MOREWOOD -- Federal Agriculture Minister Gerry Ritz was in Morewood on July 30, to make an announcement of a new amendment to the Beef Cattle Research, Market Development and Promotion Levies Order that will see the current levy of $1 per head of cattle for beef marketed in Canada applied to importers. Canada Beef Chair Chuck MacLean was also on hand to welcome the import levy that will provide new investments in research and market development for Canada's beef industry.
"This is good news for Canadian beef producers and the cattle industry," said Agriculture Minister Gerry Ritz. "This new levy will provide a stable funding source for research, market development and promotion activities on domestic and imported beef and beef products."
Stormont, Dundas and Glengarry M.P and former Parliamentary Secretary to the Minister of Agriculture welcomed the minister to the O'Brien Beef Farm just west of Morewood. "I must thank Minister Ritz for being here. He seems to be in SD&G often and it usually means good news for the county and its farmers," said Lauzon. "When Gerry asked me to be his Parliamentary Secretary to the Minister of Agriculture, I didn't know much about agriculture. He told me Put farmers first' and it was the best piece of advice I could have gotten because farming is what this country is all about."
Canada Beef estimates an additional $800,000 will be collected through the import levy on an annual basis, and these funds will help increase the profitability of Canada's beef sector.
"The Farm Products Council of Canada (FPCC) and Canada Beef have been collaborating on finalizing this amendment for several years now," said Chuck MacLean, Chair of the agency. "This will help beef producers expand their markets and increase sales and fund research projects, as well as provide increased access to information on beef products to Canadian consumers."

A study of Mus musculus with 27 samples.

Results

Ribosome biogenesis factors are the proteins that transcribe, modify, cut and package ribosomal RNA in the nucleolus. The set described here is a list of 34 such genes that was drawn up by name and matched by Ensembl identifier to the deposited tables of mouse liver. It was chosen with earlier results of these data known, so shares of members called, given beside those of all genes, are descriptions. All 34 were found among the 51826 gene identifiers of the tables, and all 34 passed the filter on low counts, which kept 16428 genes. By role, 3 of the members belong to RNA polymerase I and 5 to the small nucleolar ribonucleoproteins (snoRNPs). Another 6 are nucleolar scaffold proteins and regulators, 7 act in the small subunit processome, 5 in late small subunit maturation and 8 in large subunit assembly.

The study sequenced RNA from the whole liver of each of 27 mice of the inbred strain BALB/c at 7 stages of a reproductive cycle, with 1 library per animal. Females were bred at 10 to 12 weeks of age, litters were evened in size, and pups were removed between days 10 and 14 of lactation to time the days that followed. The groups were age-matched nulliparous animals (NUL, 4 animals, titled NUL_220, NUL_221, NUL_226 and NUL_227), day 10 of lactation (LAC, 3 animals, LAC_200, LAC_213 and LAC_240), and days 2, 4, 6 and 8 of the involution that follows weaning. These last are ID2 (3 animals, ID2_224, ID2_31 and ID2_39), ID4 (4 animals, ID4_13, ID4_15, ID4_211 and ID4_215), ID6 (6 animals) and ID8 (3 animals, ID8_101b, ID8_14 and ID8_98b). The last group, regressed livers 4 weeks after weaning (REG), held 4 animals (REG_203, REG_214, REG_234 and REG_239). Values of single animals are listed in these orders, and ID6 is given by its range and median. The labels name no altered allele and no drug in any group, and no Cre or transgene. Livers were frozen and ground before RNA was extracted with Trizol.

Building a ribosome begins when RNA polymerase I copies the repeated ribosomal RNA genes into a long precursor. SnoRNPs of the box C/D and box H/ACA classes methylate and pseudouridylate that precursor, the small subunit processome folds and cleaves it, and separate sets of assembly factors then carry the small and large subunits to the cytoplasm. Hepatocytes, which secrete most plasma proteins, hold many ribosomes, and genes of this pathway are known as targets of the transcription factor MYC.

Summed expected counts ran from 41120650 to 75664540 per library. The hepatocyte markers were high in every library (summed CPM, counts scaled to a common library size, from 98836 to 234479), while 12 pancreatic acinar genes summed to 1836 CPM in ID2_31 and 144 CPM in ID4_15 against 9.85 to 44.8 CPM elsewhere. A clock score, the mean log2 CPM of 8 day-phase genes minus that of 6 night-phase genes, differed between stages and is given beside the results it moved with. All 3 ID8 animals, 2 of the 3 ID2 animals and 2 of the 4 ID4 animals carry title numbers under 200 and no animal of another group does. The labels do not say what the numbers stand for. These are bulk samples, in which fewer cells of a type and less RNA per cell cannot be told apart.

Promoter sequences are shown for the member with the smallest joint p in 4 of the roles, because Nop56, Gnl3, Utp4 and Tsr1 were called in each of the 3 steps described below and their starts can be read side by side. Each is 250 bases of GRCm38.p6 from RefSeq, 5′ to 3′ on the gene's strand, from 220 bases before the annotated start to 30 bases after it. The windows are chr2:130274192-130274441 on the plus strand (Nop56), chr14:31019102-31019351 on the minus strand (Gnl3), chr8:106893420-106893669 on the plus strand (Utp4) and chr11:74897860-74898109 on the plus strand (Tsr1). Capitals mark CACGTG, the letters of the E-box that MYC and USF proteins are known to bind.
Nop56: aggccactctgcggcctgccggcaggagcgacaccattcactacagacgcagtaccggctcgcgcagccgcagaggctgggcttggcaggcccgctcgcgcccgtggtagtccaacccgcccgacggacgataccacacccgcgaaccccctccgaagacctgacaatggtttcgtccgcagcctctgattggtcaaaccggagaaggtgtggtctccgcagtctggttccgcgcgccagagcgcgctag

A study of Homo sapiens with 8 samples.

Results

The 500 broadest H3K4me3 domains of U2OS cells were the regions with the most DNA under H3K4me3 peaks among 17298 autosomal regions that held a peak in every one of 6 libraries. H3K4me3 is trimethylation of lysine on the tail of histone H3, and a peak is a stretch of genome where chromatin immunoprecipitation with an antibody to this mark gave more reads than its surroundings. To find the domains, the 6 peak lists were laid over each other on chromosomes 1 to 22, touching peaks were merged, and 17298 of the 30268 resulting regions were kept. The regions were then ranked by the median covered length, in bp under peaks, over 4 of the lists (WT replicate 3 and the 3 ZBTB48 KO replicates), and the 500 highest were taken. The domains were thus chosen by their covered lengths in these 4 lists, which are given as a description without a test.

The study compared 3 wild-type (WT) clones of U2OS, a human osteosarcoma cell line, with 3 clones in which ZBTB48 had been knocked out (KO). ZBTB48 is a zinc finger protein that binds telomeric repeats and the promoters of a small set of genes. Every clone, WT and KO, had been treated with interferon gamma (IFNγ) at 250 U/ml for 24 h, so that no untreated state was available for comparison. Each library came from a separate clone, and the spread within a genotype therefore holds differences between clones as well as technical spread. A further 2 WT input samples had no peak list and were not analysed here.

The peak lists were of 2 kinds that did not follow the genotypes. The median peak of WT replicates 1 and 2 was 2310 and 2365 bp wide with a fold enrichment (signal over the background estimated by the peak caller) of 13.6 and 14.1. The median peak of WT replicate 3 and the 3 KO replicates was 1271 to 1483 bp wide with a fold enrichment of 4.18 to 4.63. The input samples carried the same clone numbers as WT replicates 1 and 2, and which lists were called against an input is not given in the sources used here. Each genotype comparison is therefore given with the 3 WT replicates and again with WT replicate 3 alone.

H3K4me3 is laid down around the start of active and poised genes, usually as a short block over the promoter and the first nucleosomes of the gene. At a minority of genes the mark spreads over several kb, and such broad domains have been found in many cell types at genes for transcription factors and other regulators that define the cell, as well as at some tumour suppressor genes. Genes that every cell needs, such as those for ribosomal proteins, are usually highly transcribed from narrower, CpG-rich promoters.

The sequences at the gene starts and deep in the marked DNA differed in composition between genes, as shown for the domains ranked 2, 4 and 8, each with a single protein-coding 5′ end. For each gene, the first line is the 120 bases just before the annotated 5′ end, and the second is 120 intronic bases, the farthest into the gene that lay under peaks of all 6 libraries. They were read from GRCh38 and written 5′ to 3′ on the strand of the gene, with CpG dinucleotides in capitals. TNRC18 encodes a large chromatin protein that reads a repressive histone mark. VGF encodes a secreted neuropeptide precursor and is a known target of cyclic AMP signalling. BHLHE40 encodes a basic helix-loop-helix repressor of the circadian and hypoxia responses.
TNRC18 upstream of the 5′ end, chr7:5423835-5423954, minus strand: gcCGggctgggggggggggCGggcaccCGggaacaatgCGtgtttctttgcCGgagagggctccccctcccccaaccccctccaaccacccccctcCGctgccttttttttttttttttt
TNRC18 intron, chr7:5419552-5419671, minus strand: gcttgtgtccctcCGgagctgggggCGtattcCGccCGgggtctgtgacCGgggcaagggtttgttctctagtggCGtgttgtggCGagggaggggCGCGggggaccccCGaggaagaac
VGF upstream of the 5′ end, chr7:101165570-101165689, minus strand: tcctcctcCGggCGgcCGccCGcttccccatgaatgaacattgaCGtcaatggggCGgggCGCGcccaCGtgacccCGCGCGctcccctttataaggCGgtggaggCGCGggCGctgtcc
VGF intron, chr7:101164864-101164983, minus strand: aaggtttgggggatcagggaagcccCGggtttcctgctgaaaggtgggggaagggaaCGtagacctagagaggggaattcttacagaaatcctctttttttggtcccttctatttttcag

MacLean also added that this new levy will benefit the industry by creating relationships with other markets. He also noted that this levy is a first for the agriculture industry.
"Establishing a Promotion and Research Agency helps agricultural producers expand their markets and increase sales," said Laurent Pellerin, Chairman of the FPCC. "It also benefits consumers from increased access to information on products, including their quality and their nutritional values."
Pellerin went on to say how proud he was to see the levy go in and gave the industry credit for being the first in the agriculture sector to "change the rules."
Canada Beef, formerly known as the Canadian Beef Cattle Research, Market Development and Promotion Agency, was established in 2002 under Part III of the Farm Products Agencies Act. The Agency was formed to fund promotion and research initiatives and was the first Promotion and Research Agency established under the Act.
Promotion and research agencies enable agricultural groups to conduct generic promotion and research to expand their markets and increase sales through advertising. The FPCC supervises agencies established under the Act to ensure that they fulfill their objectives. In this way, it promotes a stronger and more efficient Canadian agriculture industry.
McLean outlined that the timeline for the levy to come into effect is still not set in stone. He said that they are giving importers time to get their systems in line and personally hopes that this will come into effect in September or October of 2013.